Who wouldn’t be captivated while gazing at a night sky covered with stars and heavenly
dance of the aurora borealis?
For those seeking the ultimate escape of conscious travel with a deeper connection to nature and otherworldly experiences, Iceland offers plenty of celestial sightings perfect for those seeking to disconnect while chasing the northern lights.
Iceland’s dramatic vistas provide endless spectacular backdrops for your winter wonderland adventure. Imagine the dancing green, purple, and pink lights of the aurora borealis illuminating the snowy landscapes, glaciers, and volcanic terrains.
The lights, a naturally occurring phenomenon in the magnetic polar regions of both the northern and southern hemispheres, happen when electrically charged solar particles enter the Earth’s magnetic field. The intensity of the lights depends on the sun’s activity and the speed of the particles.
If chasing the Icelandic northern lights is on your bucket list this winter, you’re in luck! Over the past few years, there has been a distinct rise in northern light sightings due to intensified solar activity. This means you have a greater chance of catching these incredible natural lights dancing across the night sky.
For a magical experience like no other, read on!
Best Time of Year to See the Northern Lights in Iceland
The best time of the year to see the northern lights in Iceland is between September and mid-April. However, the prime aurora viewing time tends to be between the darkest and longest months of November to February. Remember that the northern lights are a natural phenomenon, and sightings are not guaranteed even during the prime season.
Optimal Weather Conditions to Witness the Aurora Borealis
The optimal conditions for witnessing the northern lights in Iceland hinge on the state of the sky and the surrounding lighting.
To maximize your chances of catching this breathtaking display, consider staying in places with minimal light pollution and seek out a clear, cloud-free, new moon night when the sky is exceptionally dark, typically when temperatures drop below freezing. However, even in the capital city of Reykjavik, on a clear night, you can sometimes catch the dazzling northern lights!
You can stay updated on the aurora forecasts and easily plan your outings by visiting the Iceland Met Office.
The 10 Most Amazing Places to See the Northern Lights in Iceland
Whether planning a self-driving winter road trip or opting for a full-service guided tour, the island provides excellent opportunities to see the aurora borealis. Consider visiting one or more of the places below for the most breathtaking views.
For the ultimate bucket list experience, stay a night or two at Hotel Rangá, where you can become an official “Lights Chaser.” This luxurious lodge on Iceland’s South Coast is known as one of the best places in the world to see the northern lights and even offers wake-up calls for its guests when the lights are spotted in the sky.
Jokulsarlon Glacier Lagoon
In the southeastern part of Iceland, the Jokulsarlon Glacier Lagoon is a surreal setting to witness the northern lights against the backdrop of floating icebergs. The reflection of the auroras on the calm waters adds to the magical experience.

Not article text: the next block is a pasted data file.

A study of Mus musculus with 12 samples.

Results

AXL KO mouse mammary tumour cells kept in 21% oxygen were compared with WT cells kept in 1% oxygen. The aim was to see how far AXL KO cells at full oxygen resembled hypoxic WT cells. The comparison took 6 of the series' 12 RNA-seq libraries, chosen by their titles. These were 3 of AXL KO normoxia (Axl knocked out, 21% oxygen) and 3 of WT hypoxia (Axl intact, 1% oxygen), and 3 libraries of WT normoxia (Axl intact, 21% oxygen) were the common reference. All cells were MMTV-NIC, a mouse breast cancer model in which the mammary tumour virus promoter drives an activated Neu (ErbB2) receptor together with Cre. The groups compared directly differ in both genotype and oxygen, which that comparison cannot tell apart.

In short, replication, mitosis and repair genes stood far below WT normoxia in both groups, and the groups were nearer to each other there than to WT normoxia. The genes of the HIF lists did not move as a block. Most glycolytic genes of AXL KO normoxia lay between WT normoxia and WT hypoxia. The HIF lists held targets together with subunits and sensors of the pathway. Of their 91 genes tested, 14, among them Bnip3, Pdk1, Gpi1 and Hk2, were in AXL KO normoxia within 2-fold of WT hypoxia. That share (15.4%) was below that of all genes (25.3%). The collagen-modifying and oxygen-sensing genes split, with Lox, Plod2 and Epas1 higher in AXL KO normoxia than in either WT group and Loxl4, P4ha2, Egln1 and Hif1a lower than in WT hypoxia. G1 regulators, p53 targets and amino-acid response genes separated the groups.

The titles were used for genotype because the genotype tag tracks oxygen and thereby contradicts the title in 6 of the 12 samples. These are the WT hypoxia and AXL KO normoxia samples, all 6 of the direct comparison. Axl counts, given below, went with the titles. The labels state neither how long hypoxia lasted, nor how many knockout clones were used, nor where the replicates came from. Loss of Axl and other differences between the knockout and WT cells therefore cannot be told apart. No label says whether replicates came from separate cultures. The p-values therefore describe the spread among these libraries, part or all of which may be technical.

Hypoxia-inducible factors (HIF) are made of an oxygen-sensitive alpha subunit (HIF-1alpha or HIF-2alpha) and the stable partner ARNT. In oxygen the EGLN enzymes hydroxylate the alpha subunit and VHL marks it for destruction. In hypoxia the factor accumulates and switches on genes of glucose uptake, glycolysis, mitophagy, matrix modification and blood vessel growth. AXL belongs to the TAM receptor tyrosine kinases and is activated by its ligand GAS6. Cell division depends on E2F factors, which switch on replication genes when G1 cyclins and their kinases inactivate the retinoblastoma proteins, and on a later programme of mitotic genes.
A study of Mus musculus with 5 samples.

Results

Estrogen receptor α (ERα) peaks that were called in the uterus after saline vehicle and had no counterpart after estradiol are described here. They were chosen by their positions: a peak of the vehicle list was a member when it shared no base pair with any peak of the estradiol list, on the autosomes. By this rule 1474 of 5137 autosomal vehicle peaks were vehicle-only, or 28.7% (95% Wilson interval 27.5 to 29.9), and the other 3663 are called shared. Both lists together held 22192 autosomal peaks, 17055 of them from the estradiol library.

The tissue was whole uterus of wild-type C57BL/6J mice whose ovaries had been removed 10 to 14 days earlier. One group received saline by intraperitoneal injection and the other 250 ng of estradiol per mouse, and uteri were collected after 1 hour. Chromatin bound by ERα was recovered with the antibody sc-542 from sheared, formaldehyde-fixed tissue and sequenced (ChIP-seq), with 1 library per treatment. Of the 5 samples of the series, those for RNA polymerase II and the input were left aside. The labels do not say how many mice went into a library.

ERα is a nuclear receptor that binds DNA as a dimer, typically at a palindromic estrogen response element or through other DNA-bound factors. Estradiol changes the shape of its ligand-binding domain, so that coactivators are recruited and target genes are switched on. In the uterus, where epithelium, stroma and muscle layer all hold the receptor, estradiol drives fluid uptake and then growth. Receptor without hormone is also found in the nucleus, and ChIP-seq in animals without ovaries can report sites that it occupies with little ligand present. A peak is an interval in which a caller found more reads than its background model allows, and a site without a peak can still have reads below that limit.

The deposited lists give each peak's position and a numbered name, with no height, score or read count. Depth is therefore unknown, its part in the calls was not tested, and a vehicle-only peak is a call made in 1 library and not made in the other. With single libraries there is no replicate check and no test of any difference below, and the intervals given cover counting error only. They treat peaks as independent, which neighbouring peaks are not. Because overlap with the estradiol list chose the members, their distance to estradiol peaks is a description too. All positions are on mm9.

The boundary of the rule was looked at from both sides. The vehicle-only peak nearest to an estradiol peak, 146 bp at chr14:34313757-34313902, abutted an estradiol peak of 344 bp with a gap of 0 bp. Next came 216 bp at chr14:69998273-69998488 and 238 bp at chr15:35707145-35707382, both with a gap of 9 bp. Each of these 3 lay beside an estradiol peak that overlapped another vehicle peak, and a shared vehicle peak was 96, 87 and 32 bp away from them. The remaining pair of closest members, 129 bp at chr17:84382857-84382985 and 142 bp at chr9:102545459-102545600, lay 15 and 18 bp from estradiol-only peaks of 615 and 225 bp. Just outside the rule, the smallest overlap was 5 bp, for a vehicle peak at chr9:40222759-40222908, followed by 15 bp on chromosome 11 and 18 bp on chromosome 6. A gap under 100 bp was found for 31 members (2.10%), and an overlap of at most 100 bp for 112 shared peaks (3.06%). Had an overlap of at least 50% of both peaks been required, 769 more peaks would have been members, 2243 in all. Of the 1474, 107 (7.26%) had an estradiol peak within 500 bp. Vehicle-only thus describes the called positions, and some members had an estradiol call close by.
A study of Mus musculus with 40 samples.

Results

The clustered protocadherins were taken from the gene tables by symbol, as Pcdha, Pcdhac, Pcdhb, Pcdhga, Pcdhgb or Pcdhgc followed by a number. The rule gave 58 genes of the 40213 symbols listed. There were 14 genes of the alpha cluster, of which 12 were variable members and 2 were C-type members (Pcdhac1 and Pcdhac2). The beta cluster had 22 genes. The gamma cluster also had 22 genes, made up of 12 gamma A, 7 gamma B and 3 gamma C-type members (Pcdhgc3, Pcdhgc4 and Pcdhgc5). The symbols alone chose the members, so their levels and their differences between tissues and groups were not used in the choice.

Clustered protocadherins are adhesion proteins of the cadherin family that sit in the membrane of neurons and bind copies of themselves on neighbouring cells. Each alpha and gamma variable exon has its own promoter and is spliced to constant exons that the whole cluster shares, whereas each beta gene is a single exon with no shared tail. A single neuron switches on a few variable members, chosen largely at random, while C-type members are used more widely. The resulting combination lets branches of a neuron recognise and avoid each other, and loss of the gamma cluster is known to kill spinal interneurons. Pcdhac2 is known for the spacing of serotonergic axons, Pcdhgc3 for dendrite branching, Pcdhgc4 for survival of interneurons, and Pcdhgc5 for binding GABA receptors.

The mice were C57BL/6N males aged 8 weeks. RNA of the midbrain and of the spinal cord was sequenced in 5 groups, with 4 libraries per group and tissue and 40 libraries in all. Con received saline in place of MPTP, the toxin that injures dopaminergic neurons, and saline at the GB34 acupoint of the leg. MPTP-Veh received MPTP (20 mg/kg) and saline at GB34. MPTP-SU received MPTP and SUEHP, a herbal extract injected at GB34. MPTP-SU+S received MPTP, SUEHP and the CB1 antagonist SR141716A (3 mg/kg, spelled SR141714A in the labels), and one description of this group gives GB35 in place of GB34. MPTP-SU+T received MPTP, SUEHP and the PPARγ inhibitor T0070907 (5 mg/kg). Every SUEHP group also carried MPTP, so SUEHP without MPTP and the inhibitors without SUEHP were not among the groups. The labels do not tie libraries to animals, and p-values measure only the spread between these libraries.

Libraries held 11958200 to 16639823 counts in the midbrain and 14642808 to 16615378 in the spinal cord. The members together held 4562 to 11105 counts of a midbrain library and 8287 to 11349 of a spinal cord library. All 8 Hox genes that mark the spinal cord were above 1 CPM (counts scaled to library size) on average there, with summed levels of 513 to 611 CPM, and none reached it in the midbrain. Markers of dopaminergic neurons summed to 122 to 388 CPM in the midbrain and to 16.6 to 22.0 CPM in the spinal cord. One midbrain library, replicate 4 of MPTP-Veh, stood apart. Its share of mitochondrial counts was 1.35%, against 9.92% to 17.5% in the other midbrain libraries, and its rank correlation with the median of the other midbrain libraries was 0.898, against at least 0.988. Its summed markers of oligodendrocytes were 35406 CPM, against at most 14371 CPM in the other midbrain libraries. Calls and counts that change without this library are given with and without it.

Vatnajökull National Park
This protected area in southeastern Iceland is renowned for its pristine wilderness and is a designated Dark Sky Reserve. Featuring the Vatnajökull glacier, you’ll also find Jökulsárlón, a glacial lagoon with icebergs, numerous ice caves, and active geothermal areas that are just begging to be explored. The massive national park is also home to the famous Svartifoss and Dettifoss waterfalls. The remote location and minimal light pollution make it an ideal spot for northern lights photography.
Often called “Church Mountain,” Kirkjufell is a picturesque peak on the Snæfellsnes Peninsula in western Iceland. It’s a popular spot for capturing the northern lights with the mountain as a stunning foreground.
Located in northern Iceland, Myvatn is renowned for its geothermal activity and unique Icelandic landscapes. With little light pollution and minimal cloud coverage, it’s also a fantastic place to catch the northern lights, especially during the winter when the skies are clear.
This impressive 3000-year-old volcanic crater in Southern Iceland’s Golden Circle is known for its vivid, almost surreal, red volcanic rock walls. This unique geological feature was formed during a volcanic eruption. It has since been filled with crystal-clear blue-green water, providing a gorgeous backdrop when the aurora reflects on its lake.
Situated 61 meters above sea level, Oskjuhlid is an excellent place to witness the aurora borealis, and it’s also within walking distance of downtown Reykjavik. You’ll find the famous massive dome structure Perlan in the hilltop forest area. If you visit during operating hours, don’t miss the fantastic city views from the observation deck.
Thingvellir National Park
Located just a short drive from Reykjavik, Thingvellir, with its vast open spaces and clear skies, makes it an excellent and convenient option for northern lights viewing. With lava rocks, mossy landscapes, and the Silfra Fissure, this scenery makes for an enchanting aurora borealis backdrop.
The Secret Lagoon
The oldest natural pool in Iceland, known as Gamla Laugin to the locals, is a hot spring in the tiny village of Fludir within the Golden Circle. The Secret Lagoon, with a year-round warm water temperature of 38 40°C (100-104 Fahrenheit), makes it the perfect place to relax while watching the stunning northern lights.
Plunging 200 feet into a rugged gorge, the Skógafoss Falls are among the most famous waterfalls in Iceland. On many a bucket list, the falls are surrounded by unobstructed views and minimal light pollution, making them the perfect place to witness the alluring aurora borealis.